Thatch: Why It’s There, What It Is, Why We Remove It
Thatch is a layer of organic material that develops between vegetation and the soil surface. Roots, stems, and fibers from grass that accumulate faster than microorganisms can break them down build up and tangle within the lawn. Some thatch can help protect roots while too much will prevent oxygen and nutrients from reaching the soil. While there are methods to manage thatch, physical removal is typically necessary for a successful growing season.
Power rakes alleviate a thatch heavy lawn by dragging rotating tines across the surface to break up matted tangles. This service is usually performed at the beginning of Spring. To help manage thatch throughout the growing season it is good to keep in mind that compacted soil tends to shed rainwater, fertilizer, or insect control products rather than absorb it. Aeration, the act of promoting air movement within ground soil, is an effective tool in reducing thatch and promoting healthy turf growth. By using a vertical mower with blades perpendicular to the ground the soil is broken up with organic debris being brought to the surface and deposited above the thatch layer. As this matter is dissolved by rainfall and reabsorbed into the soil the number of microbes that speed thatch decomposition increases. Removing thatch or performing an aeration should be done professionally & with the turf can withstand the stress as drought stricken or weak turf can be damaged by the methods described.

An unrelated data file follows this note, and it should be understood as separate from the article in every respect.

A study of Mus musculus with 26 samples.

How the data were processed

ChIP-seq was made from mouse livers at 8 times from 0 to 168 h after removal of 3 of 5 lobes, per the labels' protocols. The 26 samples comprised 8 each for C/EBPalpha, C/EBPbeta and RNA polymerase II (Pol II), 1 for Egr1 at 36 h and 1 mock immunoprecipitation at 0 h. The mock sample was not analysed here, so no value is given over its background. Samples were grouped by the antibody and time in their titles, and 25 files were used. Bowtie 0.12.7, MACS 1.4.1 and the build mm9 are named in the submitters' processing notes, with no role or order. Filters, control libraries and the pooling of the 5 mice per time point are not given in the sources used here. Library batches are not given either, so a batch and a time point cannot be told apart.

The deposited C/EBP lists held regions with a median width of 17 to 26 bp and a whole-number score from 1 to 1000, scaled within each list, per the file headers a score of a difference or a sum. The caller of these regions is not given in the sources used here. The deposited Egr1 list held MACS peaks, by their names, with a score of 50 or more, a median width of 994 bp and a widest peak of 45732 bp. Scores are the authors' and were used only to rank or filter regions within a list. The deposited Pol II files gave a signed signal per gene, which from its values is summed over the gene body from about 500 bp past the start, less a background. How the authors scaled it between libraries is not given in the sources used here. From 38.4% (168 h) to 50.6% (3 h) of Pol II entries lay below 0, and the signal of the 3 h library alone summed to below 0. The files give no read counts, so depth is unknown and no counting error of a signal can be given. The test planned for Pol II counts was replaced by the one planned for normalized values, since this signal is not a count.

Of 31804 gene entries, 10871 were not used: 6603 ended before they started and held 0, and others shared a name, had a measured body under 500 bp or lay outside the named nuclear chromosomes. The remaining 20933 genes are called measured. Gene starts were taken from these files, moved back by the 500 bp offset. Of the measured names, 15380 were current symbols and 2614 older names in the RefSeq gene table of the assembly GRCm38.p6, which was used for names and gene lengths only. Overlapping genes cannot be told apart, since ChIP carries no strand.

Maintaining a proper pH balance through the use of lime and fertilizer can also help alleviate thatch. Nitrogen heavy fertilizer, however, promotes root and stem tissue growth which we know makes up the majority of thatch. If the turf root system resides in the layer of thatch the resulting compound retains heat and dries out quickly which poses detrimental effects for your lawn. In an aerated lawn the soil is loose enough to allow new roots to develop where they should.
Let’s clear up an urban legend while we are at it. Fresh grass clippings are not major contributors to thatch. While it may seem counter-intuitive that leaving the clippings on the turf will not eventually build-up, freshly cut grass blades are mostly water and break down very quickly. Organic matter that can decompose faster than it accumulate feeds the good bacteria that resides in turf.
See the incredible difference a thorough de-thatching can do!
Call us to schedule your spring clean up and dethatching today! LCM PLUS invites you to browse our portfolio of work. Call, Click, or Visit our office! Our experienced professionals deliver trustworthy service held to the highest standard with impeccable attention to detail. LCM PLUS services include residential, commercial, and municipal projects.